By | July 24, 2006

Northrop Grumman Corp. [NOC] is proposing a ground-based system to protect airliners from terrorist missiles fired near airports, the company announced.

While Northrop has designed an aircraft-based anti-missile system, some airlines have protested that installing the systems on the thousands of airliners flown each day would be expensive, at a time when the airlines are reeling financially from soaring jet-fuel costs.

Ground-based systems, or perimeter systems, could be installed by airport authorities. Such systems would provide protection for aircraft only near airports, not during their flights. But airlines say terrorists would be most likely to fire missiles at planes as they take off from airports, or approach for landings.

Northrop thus counters Raytheon Co. [RTN], which also offers a perimeter system.

The Northrop system is called Skyguard, and the company sees it as part of a layered airport defense against terrorists wielding man-portable air defense systems (MANPADS) missiles to destroy airliners filled with passengers.

Since terrorists on Sept. 11, 2001, boarded four airliners and commandeered them, flying two into the World Trade Center towers (demolished) and Pentagon (heavily damaged on one side), passenger screening security has been tightened substantially.

Thus terrorists are seen more likely to launch attacks in ways that don’t involve boarding planes as passengers, such as launching MANPADS as planes take off or land.

Northrop submitted its Skyguard proposal to a unit in the Department of Homeland Security called the Science and Technology Directorate, Counter-MANPADS System Program Office.

The agency is conducting an assessment program to evaluate and demonstrate emerging technology solutions that prove to be the most mature and promising in defeating the MANPAD threats to commercial aviation.

“Northrop Grumman is developing a range of approaches to provide a layered defense for airport security,” said Alexis Livanos, president of the Northrop Grumman Space Technology sector.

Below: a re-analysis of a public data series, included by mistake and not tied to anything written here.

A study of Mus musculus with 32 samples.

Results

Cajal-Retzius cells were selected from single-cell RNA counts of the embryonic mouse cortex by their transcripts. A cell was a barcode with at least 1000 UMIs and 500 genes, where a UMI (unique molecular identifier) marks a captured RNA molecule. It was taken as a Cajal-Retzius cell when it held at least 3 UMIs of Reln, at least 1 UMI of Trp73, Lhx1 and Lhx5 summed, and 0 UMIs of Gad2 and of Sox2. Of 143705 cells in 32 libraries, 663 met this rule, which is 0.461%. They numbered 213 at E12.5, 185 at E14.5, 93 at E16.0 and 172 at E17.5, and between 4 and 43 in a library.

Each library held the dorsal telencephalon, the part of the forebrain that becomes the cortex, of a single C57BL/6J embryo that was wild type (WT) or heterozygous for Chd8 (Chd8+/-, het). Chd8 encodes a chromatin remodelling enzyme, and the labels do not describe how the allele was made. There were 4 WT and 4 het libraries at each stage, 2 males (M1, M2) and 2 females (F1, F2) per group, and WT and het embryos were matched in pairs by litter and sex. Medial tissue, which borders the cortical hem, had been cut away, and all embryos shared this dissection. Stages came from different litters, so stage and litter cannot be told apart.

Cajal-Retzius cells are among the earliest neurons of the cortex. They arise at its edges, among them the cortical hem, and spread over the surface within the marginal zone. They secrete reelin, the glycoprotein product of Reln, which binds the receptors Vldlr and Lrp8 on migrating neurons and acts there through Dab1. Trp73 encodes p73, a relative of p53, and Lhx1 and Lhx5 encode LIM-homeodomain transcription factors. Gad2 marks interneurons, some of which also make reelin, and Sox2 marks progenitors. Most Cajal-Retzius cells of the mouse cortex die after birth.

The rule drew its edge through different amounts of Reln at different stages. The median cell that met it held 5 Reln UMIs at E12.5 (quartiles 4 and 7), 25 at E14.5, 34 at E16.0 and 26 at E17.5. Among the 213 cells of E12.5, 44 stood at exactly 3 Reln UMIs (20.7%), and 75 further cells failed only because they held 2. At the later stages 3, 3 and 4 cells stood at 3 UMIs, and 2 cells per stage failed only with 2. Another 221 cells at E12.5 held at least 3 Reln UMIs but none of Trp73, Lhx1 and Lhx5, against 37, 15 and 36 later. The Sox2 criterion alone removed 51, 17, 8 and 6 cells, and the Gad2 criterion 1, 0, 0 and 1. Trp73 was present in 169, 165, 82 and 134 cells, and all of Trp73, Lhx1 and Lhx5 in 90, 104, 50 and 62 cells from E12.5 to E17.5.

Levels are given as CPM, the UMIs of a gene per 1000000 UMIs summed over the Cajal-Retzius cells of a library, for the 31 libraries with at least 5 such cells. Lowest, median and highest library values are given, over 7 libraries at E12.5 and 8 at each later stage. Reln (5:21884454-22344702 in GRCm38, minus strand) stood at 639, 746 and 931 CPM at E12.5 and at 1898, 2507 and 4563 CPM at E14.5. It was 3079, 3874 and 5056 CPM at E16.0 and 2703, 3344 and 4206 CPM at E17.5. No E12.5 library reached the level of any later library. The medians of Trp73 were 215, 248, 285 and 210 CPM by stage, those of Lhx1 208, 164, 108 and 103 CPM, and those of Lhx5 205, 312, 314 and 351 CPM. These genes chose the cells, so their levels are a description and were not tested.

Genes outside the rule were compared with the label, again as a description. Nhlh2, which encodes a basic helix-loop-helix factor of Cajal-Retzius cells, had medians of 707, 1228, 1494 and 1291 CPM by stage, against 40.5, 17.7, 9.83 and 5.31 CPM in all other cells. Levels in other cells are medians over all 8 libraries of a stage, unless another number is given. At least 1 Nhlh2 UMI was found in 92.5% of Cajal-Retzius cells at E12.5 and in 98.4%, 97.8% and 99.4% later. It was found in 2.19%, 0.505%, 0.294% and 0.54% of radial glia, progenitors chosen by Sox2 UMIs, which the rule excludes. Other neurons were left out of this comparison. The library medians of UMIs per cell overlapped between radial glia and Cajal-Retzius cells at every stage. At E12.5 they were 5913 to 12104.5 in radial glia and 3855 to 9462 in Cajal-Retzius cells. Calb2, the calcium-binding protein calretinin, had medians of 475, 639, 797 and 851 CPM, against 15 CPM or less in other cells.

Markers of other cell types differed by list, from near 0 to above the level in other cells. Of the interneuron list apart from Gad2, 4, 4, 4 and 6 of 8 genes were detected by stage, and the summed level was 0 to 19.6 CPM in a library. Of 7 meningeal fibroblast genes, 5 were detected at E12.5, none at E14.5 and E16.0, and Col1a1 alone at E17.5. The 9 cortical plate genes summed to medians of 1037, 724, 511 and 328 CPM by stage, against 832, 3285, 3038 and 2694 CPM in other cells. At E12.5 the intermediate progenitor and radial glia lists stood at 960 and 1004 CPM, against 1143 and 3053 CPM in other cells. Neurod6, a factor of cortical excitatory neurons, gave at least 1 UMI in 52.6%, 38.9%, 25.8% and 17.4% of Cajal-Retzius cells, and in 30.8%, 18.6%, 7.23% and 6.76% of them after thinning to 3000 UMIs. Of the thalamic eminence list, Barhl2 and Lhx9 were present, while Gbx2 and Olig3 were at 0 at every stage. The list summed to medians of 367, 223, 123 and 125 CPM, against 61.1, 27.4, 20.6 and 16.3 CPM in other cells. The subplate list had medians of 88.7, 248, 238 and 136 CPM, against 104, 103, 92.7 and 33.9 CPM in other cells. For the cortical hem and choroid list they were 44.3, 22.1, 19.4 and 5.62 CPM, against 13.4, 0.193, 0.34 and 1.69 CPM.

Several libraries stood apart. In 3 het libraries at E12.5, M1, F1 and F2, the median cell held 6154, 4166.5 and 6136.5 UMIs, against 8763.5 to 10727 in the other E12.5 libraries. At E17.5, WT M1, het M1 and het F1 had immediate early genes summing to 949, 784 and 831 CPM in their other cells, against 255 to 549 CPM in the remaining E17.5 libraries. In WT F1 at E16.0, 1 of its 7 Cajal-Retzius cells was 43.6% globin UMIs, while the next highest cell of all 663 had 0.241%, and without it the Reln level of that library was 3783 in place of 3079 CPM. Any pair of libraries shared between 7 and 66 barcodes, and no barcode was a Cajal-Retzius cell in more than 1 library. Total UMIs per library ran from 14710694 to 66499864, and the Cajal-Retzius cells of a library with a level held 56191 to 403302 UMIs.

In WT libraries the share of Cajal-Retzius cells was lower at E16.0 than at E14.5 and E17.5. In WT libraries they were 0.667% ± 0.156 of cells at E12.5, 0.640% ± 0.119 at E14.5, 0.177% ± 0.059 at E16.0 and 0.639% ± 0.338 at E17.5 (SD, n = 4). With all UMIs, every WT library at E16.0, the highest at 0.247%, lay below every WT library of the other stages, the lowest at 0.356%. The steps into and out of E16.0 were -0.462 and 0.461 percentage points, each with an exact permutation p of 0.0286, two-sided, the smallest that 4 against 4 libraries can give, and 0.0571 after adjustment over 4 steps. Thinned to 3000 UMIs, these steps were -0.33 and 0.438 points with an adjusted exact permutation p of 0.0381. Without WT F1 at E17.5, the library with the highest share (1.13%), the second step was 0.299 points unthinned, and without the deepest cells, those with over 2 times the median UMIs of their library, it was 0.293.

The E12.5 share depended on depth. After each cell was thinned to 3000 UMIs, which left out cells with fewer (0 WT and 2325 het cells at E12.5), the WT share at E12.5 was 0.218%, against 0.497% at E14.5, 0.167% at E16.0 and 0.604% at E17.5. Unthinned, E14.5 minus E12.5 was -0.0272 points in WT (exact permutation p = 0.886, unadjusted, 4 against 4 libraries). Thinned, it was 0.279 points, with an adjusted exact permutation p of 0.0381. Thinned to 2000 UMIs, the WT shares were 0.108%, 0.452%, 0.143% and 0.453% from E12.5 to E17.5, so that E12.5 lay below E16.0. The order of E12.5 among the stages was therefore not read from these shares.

He referred to the other, aircraft-based anti-missile system that Northrop has developed.

“Our company has the unique capabilities required for this vital homeland security program,” Livanos said. “We offer the aircraft-based Directional Infrared Countermeasure (DIRCM) system, which the Department of Homeland Security is currently evaluating, in addition to the ground-based, high-energy laser system we proposed.”

In the near-term, DIRCM can be installed on the most vulnerable aircraft, the company noted. As the threat of attack continues to increase and new, more capable types of threat systems are introduced, however, the company said a layered defense can help mitigate the danger substantially to commercial aviation.

Skyguard uses a high-energy laser to physically destroy a wide range of anti-aircraft threats in the airport region, even with very short launch ranges, according to Mike McVey, vice president of directed energy systems for Northrop Grumman.

Northrop asserts that Skyguard technology is the only proven and tested non-DIRCM solution and is available in less than two years once a contract is received at approximately $30 million for each system.

Based on technology proven by the Tactical High Energy Laser (THEL) testbed at White Sands Missile Range, N.M., Skyguard has the specific capabilities needed to defeat supersonic threats, including speed-of-light operation, extreme precision, proven lethality and demonstrated operational safety, according to McVey.

He noted that THEL has shot down dozens of rockets in flight since 2000, including 122 mm Katyusha rockets, short-range ballistic missiles, artillery and several calibers of mortars.

Compatible with a range of packaging options, the Skyguard laser system would be placed at or near an airport to detect, track and destroy a variety of threats.

This capability will handle a full range of infrared seeker systems, and also is uniquely effective against command-guided missiles and other threats known to be in growing terrorist inventories, McVey added.

The Department of Homeland Security stated that the approaches it will evaluate in this procurement are limited to ground-based systems and aircraft-borne non-DIRCM systems.

These will involve alternative approaches employing emerging technologies that may have the potential for defeating MANPADs in a layered defense environment.

Congress has funded the Department of Homeland Security to assess alternative approaches to the current onboard DIRCM system demonstration currently underway, which the agency said is going very well.